Sharjah: Children won’t read if books are not made enjoyable through humour, illustrations or other elements, authors told the Sharjah Children’s Reading Festival (SCRF).
During a session titled ‘Inspirational Books’, held under SCRF’s Cultural Forum at Expo Centre Sharjah, leading writers said children will leave books halfway if attractive elements are missing. Jordanian author Fida Al Zamr said: “An inspirational book is one that excites and ignites the mind of a child. The author must take into consideration the age of a child and endeavour to tap into the power of images to deliver messages because illustrations sometimes speak better than words. Most importantly, the book should have attractive characters.”
‘Don’t preach, use humour’
Stressing on the need for parents to pick books with a sense of humour and charismatic protagonists to keep children hooked, Al Zamr warned parents in attendance that “if a child isn’t enjoying a book they will simply leave it midway. As authors we should abstain from direct preaching. Instead, we should inject our educational messages through small doses of humour”.
Use relatable characters
Dubai-based Pakistani writer Zenubia Arsalan narrated her personal experience about why she decided to put pen to paper when she noticed a dearth of books to reads to her children. “When I grew up reading the books I read, I did not identify with any of the characters. They were quite far removed from my life. Today we live in a well-connected global world, we eat different cuisines and know about countries such as Mexico, Sweden, Korea through their food. If our food represents the world we live in, why don’t our books?” she said.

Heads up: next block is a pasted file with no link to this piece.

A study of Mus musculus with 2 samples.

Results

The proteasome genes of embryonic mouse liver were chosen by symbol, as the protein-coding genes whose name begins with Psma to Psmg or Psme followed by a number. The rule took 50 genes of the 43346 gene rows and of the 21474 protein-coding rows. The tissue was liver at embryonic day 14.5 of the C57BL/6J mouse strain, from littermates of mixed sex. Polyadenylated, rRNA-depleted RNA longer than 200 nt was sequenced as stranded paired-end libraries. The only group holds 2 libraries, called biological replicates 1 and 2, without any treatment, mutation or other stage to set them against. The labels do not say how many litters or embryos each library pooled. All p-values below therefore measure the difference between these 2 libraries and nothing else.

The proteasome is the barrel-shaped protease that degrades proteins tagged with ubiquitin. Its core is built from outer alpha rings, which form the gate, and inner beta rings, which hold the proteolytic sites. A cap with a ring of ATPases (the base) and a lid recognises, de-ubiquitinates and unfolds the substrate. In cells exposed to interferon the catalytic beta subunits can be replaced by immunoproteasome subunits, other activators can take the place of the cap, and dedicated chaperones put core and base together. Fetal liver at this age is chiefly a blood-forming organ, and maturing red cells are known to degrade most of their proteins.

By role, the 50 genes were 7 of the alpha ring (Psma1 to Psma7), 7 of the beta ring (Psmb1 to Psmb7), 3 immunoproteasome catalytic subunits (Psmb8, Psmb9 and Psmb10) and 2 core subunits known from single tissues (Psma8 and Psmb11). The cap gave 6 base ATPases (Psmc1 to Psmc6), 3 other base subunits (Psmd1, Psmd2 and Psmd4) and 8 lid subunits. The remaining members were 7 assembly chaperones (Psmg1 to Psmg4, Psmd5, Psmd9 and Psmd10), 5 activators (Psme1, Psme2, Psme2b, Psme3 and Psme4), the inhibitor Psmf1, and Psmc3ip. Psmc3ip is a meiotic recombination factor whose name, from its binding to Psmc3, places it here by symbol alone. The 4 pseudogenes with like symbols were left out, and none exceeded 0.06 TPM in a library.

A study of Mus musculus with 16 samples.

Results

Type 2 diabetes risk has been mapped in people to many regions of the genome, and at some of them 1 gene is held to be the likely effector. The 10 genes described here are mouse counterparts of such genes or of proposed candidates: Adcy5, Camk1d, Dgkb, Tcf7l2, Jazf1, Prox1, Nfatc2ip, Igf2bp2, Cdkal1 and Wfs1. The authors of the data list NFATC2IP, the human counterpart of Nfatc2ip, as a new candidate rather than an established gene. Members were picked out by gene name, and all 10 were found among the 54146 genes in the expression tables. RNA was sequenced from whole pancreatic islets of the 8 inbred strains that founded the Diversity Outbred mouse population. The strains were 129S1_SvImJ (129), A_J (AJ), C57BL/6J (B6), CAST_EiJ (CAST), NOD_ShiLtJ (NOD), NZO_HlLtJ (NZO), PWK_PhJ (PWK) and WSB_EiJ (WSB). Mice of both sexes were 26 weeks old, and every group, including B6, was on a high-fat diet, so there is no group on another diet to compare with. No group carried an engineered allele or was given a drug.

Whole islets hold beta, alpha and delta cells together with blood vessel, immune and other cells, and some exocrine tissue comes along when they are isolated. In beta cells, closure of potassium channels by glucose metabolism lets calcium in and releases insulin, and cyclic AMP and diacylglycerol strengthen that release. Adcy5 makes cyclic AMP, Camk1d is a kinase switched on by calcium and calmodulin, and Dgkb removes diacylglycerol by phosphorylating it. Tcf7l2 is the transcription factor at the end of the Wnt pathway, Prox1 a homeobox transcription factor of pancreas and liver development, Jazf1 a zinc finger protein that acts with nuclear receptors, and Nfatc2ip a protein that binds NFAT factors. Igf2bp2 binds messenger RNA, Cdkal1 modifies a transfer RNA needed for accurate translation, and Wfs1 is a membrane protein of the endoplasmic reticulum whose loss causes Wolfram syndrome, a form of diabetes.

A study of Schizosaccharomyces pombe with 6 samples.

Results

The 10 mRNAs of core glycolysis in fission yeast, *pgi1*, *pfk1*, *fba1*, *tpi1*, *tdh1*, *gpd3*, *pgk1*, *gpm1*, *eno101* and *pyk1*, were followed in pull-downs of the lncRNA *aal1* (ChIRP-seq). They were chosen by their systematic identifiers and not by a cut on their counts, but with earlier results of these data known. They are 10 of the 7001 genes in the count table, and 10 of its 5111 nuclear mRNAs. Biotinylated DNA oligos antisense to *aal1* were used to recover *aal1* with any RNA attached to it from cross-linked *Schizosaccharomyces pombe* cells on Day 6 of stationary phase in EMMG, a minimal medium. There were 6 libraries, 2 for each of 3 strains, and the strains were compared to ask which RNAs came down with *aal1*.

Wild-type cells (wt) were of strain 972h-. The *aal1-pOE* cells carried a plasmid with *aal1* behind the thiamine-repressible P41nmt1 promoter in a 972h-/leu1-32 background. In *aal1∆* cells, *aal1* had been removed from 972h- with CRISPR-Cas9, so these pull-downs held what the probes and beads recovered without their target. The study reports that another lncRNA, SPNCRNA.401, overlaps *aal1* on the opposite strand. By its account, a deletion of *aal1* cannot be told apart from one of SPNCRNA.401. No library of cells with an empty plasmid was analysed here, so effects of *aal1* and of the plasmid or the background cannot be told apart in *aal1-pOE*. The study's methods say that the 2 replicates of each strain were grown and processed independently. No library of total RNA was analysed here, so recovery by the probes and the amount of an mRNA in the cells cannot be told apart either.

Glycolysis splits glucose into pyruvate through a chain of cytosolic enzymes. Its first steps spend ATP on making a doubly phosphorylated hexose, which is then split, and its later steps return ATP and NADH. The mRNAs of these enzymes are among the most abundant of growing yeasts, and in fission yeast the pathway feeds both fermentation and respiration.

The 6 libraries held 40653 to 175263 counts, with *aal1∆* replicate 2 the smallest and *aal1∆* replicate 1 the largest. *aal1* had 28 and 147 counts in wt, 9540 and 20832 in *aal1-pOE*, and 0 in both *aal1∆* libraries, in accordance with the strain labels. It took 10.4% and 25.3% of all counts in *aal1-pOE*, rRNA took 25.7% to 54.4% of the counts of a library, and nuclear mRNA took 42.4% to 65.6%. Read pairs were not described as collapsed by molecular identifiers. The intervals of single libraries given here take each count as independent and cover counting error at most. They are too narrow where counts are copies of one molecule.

Themed ‘For Your Imagination’, SCRF runs daily from 4pm to 10pm (10am to 8pm on Saturdays) until May 29 at Expo Centre Sharjah. Visitors need to register online or at the venue to enter as per the event’s strict COVID-19 health and safety measures.
Along with 16 authors from the Arab region, 16 international authors are also taking part in the 11-day event that has 537 activities.
Also at SCRF, a workshop tailored specifically to teach participants how they can develop a mobile app was held in the Social Media Café.
‘It’s not rocket science’
Mohammad Sinan, technical head at Junkbot, which conducted the workshop, said: “Many people think that developing an app is rocket science. But by exposing kids to this technology and terminology from a young age we are hoping it will create an interest which they can tap into in future. SCRF is a great platform for kids to experience all the latest technology that is there in the world.”
What children learned
Participants attending the hands-on session were introduced to the basic concepts behind creating mobile applications and given an overview of the types of apps available in the market — both single and multi-screen applications. At the end of the session, participants were able to create Input Forms, such as the Email Forms seen on most apps these days.